ANALYSIS: How Did the U.S. Beat Their European Counterparts in the Solheim Cup?

If the Ryder Cup remains the single most iconic tournament in the men’s season, then the Solheim Cup serves as the equivalent in the lady’s game.

This year saw the 15th edition of the biennial Solheim Cup, which was first contested as the female game began to evolve at pace in 1990. While it may lack the history and the heritage of the Ryder Cup, it has quickly managed to capture the imagination of fans and is now firmly established as a prominent feature of the global calendar.

This years’ iteration was one of the best yet, as the U.S. romped to a relatively comfortable win over their continental rivals. This also represented the 10th time that America has lifted the Solheim Cup, while Europe have emerged victorious on just five occasions.

A Look Back at the Solheim Cup: How Did the Tournament Pan Out?

This years’ iteration was held at the picturesque Des Moines Golf and Country Club in Iowa, USA, with the U.S. looking to retain their title after a narrow, single point victory over Europe in Germany two years previously. Interestingly, organisers decided not to use either of the venue’s stand-alone courses, instead creating a composite course that included nine holes from each. This added an interesting dimension to the tournament, particularly given that it was contested approximately 950 feet above sea level.

The tournament began in earnest with the morning foursomes on August 18th, with Melissa Reid and Charley Hull leaving Europe dormie-2 in the opening salvo after an excellent start. The U.S. were indebted to Cristie Kerr and Lexi Thompson, however, who won the last two holes in thrilling style to halve the match. This provided brief respite for the U.S. during the foursomes, however, as Europe’s Karine Icher and Catrinoa Matthew won three of the final four holes in the final match to steal a superb victory.

This left Europe a point clear as the tournament progressed into the afternoon, as the continent looked to secure its first Solheim Cup since 2018 (when it prevailed by a huge 18-10 scoreline).

The turning point came during the afternoon four-balls on the first day, during which the U.S. won all four matches and established a three point lead that they never looked like relinquishing. This was also the first time that the States had ever swept an entire session in the Solheim Cup, while the nature of each win was extremely convincing and unexpected. Angel Yin and Lizette Salas (more on her later) thrashed Carlota Ciganda and Emily Kristine Pedersen by 6 & 5, for example, striking a psychological blow that Europe struggled to recover from.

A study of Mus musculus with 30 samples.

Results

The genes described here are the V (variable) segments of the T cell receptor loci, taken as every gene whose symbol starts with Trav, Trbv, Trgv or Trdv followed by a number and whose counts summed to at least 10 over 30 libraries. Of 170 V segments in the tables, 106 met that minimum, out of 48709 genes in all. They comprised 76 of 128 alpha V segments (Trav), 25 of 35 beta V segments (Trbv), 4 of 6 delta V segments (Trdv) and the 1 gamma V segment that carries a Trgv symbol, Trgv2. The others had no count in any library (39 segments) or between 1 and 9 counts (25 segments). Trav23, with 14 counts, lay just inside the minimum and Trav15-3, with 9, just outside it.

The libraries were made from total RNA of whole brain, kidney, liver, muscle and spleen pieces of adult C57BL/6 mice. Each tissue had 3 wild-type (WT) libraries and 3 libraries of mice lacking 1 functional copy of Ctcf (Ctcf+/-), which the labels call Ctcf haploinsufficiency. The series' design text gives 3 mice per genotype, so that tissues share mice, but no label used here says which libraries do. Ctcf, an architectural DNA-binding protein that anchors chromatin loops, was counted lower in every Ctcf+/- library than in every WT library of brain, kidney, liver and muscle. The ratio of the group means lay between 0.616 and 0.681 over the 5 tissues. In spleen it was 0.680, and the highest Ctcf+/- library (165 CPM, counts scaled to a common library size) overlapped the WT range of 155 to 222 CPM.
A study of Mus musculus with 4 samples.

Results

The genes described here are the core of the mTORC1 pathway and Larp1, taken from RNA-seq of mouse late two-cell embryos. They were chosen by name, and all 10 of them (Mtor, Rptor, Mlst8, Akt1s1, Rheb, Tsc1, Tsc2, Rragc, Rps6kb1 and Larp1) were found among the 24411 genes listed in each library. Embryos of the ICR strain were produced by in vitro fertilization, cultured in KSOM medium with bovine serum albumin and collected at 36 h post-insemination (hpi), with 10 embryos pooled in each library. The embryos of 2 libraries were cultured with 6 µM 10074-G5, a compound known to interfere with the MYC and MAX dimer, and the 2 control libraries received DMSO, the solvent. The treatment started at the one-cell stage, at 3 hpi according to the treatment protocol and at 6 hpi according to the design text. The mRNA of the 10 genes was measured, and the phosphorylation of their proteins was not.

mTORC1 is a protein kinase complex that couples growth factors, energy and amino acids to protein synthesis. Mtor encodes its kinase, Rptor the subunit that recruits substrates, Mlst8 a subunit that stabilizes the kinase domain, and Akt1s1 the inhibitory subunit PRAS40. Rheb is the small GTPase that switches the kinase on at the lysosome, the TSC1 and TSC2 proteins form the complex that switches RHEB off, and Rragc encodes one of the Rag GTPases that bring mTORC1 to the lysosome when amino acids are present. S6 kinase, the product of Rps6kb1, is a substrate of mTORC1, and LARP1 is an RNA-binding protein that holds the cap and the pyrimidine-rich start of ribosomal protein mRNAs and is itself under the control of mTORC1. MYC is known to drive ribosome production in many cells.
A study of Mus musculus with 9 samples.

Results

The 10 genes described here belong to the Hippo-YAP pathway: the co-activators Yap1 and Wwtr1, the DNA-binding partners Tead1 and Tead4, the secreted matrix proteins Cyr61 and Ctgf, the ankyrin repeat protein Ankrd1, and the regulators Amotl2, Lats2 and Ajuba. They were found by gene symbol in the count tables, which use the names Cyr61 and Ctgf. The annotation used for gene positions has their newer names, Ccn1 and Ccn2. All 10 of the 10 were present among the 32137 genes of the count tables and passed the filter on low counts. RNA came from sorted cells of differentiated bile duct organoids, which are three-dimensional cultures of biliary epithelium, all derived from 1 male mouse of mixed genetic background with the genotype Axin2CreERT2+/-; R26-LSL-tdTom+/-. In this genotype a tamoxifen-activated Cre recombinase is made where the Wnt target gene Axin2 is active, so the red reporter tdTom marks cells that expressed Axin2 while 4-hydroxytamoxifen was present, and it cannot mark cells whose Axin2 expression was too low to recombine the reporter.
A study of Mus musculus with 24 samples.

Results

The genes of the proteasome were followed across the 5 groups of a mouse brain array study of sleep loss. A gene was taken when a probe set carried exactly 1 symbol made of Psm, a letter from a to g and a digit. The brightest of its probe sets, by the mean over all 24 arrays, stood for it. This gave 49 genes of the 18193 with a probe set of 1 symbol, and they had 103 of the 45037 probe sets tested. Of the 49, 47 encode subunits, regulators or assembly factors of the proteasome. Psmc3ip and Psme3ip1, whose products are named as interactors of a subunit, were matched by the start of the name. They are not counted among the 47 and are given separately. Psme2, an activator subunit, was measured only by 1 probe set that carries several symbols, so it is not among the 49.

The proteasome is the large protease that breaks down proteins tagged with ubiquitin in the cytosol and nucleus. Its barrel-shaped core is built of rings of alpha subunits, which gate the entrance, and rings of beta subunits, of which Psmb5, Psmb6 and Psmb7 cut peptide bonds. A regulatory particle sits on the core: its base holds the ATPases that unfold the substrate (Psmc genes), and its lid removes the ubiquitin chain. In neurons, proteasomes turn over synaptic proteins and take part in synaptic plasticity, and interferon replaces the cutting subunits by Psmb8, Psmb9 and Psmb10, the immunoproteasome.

A Decisive Second Day: How Europe Struggled to Compete

The second day scarcely started any better for Europe, who lost the opening two morning foursomes by 5&3. Although they recovered to win the final two matches (Karine Icher and Catrinoa Matthew delivered a narrow and nerve-jangling victory over Michelle Wie and rookie Danielle Kang in the final contest), Europe entered the afternoon with a huge mountain to climb.

True to form, the United States responded in the afternoon four-balls, winning three of the four matches to assume a five point lead. Cristie Kerr and Lexi Thompson were at the heart of this success, as they were paired for the sixth time in Solheim Cup history (and second in 2017) and managed to maintain their unbeaten run in the tournament. In fact, their 4&2 win over Catrinoa Matthew and Georgia Hall was their fourth Solheim Cup win in tandem, during which time they have competed across 16 holes and posted a combined score of 12 under par.

As dusk began to set in above Des Moines course, so too the four-balls came to an end and the reality of the challenge facing Europe began to dawn on captain Annika Sörenstam. More specifically, the States’ series of impressive performances had enabled them to establish a truly commanding five point lead over the Europeans, leaving them in a position where they were simply required to claim three-and-a-half points from the final day round of singles matches to retain their title.

This was undoubtedly the decisive day in the 2017 Solheim Cup, and one that left the European side needing a minor miracle to prevail.

The Denouement: How the U.S. Sealed a 10th Solheim Cup Win

When Europe took to the course on the final day, the team knew that they needed to win the first hole if they were to lay down a market and instantly reduce the U.S. team lead. They looked well placed to achieve this too, as Anna Nordqvist won the first four holes against a shell-shocked Lexi Thompson and built a four shot advantage with just nine to play. The match proved to be a microcosm of the event as a whole, however, as the U.S. player rallied with eagles at the 11th and the 15th to gain a one shot lead.

Although Nordqvist ultimately halved the hole, it was apparent to everyone that the Europe had missed their opportunity to remain competitive in the tournament.

This was borne out by American victories in the following two matches, as Paula Creamer defeated Georgia Hall and the unbeaten Kerr earned a 2 & 1 win over Melissa Reid. Angel Yin then went dormie in her match-up with Karine Icher, before Lizette Salas sink a decisive put against Jodi Ewart Shadoff and earn the coveted 14th point that reaffirmed America’s status as Solheim Cup champions.

The Last Word: A Job Well Done for the U.S. Team

The U.S. ultimately prevailed by 16-and-a-half points to 11-and-a-half, retaining the Solheim Cup and claiming their fifth triumph in the last seven outings.

With the next contest scheduled to take place at the Gleneagles Hotel in Perthshire, Scotland in 2019, Europe will be hoping that home advantage could prove crucial in their bid to reverse their recent fortunes. They will have just two years to prepare for this tournament, however, and much work is to be done if they are to overcome an impressive American outfit.